Making an Impact this Financial Literacy Month in Fintech and Financial Services.
This year, we observe Financial Literacy Month here at Caliber by educating our team using a variety of sources, and advocating for financial inclusion to create equity in our industry. This is a reflection of Caliber’s values and beliefs.
This year we’re also ‘shouting out’ a few companies in fintech and financial services, using their passion and resources to make an impact this Financial Literacy Month.
Here are five organizations we’d like to recognize for their passion, creativity and commitment.
Fintech Shout Outs
MoneyLion, a NYC-based mobile banking platform for borrowing, saving and investing, flexed their creative muscles this Financial Literacy Month with an incentivized, experiential campaign.
MoneyLion is known for providing customers with money-saving hacks. The creative minds at this fintech company created a way to entice and inspire New Yorkers to focus on financial literacy by placing fake $20 bills around the city. By scanning a custom QR code, users are directed to MoneyLion’s Money Hacks section of their website to access bite-sized videos chock full of quick tips on ways to save money, build credit and more.
🚨START LOOKING!🚨You could win up to $1,000. For Financial Literacy Month we put fake bills in the neighborhoods below⬇️Find them, scan the QR code on them, and see if you won money—that’s it! **This is not an April Fools Prank** pic.twitter.com/YGfmaB6xn8
— MoneyLion (@MoneyLion) April 1, 2023
Are you part of the 42% of Americans with less than $1,000 in savings? Visit Evolve’s Savings Resource Center for helpful tips on how to grow your savings: https://t.co/zZDy1d8dAD #FinancialLiteracyMonth #BeyondBanking #GetEvolved pic.twitter.com/DaqubZU531
— Evolve Bank & Trust (@getevolved1925) April 10, 2023
Evolve Bank & Trust, a Memphis-based financial services company specializing in payment processing solutions and banking, is on a mission to educate people about principles and tips to guide spending and saving habits for the better, including:
- 50/30/20 Budgeting
- Simple Steps to Save
- Advice for New Credit Card Holders
- What Makes up a Credit Score
- Grow Your Wealth: Learn the Basics of Savings and Investments
This NYC-based marketplace for ideas, connections, and deals in payments and financial services, asked some of the experts in their network to share their thoughts on what steps should be taken to boost financial literacy among the younger generation using LinkedIn.
Shout outs go to
- Naftali Harris of SentiLink, for sharing his tips on how to boost financial literacy among younger generations.
- Will Sealy at Summer for sharing three pieces of advice for solving the financial literacy gap for students taking on loans and navigating repayment.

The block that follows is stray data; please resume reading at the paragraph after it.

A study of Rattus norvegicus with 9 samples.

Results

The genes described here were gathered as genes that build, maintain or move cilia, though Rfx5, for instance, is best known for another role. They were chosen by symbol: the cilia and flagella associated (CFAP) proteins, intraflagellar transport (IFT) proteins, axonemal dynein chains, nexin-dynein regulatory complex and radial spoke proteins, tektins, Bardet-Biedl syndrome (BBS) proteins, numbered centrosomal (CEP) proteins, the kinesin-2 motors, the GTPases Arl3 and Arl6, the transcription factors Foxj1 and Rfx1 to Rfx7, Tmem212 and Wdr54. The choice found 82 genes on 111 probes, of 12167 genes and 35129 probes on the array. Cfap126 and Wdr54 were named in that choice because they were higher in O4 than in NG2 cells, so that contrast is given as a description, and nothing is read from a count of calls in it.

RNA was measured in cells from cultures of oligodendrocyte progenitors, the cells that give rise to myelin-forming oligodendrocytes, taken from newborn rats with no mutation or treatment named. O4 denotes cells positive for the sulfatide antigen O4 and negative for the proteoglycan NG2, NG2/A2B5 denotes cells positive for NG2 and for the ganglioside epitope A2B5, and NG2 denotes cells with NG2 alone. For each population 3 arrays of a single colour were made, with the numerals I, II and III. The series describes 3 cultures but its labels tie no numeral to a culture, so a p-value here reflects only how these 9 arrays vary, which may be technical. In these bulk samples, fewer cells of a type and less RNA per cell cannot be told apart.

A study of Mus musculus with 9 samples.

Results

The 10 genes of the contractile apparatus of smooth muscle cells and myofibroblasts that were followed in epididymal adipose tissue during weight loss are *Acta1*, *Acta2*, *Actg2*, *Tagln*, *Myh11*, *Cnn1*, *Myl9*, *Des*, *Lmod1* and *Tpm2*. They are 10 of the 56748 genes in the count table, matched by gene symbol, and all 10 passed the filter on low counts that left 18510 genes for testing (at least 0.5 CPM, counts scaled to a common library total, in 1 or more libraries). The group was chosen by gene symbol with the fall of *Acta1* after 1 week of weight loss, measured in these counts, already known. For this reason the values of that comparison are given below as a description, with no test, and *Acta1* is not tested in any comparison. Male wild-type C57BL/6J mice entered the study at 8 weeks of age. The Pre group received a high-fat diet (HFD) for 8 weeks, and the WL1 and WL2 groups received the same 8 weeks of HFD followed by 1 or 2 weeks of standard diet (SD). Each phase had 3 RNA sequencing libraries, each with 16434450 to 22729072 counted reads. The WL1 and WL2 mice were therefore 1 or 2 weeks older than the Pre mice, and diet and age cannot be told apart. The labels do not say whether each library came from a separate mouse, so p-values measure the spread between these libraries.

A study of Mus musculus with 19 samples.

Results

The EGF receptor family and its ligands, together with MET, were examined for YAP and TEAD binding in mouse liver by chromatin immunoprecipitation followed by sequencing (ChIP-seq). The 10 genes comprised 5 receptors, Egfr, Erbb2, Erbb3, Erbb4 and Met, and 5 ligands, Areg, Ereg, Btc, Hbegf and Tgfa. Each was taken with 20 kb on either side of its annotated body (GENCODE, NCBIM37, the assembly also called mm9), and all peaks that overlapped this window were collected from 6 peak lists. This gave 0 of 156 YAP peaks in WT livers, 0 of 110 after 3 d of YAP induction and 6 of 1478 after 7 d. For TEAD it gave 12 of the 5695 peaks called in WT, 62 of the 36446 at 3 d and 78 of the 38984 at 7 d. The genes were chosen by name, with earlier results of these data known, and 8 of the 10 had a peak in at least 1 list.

- Stephany Kirkpatrick CFP® at Orum.io who spoke to how financial literacy creates the inclusion needed for everyone, especially the younger generation, to participate in the economy
- Jeremiah Glodoveza at Nium for sharing impactful ways to help families think and talk about money to start teaching children and young adults financial literacy early and often.
Sallie Krawcheck, co-founder and CEO of NYC-based Ellevest, an investing platform built with women’s needs in mind, used her LinkedIn account to share ways to model a healthy money mindset for children. Healthy habits are established early in children’s lives — and attitudes about money are no different. In fact, some research says that money habits form as early as age seven, according to Sallie.
The passion behind the Ellevest team is their focus on closing the wealth gender gap. In fact, Sallie’s post shares tips on how to model a healthy — and fair — money mindset for kids.
Here are some of Sallie’s insights and tips:
- Address unhelpful stereotypes: Things like “men make money, and women spend it.” That women are bad at managing finances. Breaking down this stereotype shows our kids that they simply are not true — and aren’t helpful to anyone.
- Talk about money, with them and others: Some parents tend to feel like they need to have perfect money habits or know all the answers before they can talk to their kids about money. But since money habits are developed so early in life, it’s important not to wait to have these conversations. Let them know you’re still learning, too.
- Choose women: Choosing women professionals and shopping at women-owned businesses on the regular provides our daughters opportunities to see women in professional roles (so that they can imagine themselves like that someday).
We’d also like to place a spotlight on an organization that is doing the work year-round. Fintech in Action (FIA) is a Chicago-based action-oriented company seeking to increase the pipeline of Black professionals for careers in finance and fintech.
FIA aims to equip Black talent with access to fintech careers and a higher understanding of financial literacy. They invest in organizations that are working towards creating career pathways in financial services for young, high-achieving minority students.
Learn more about Financial Literacy Month
Each April, Americans observe Financial Literacy Month, which was proclaimed by Former President George W. Bush nearly 20 years ago as a month for U.S. citizens and organizations to focus on learning through programs and activities sponsored by the National Financial Educators Council (NFEC).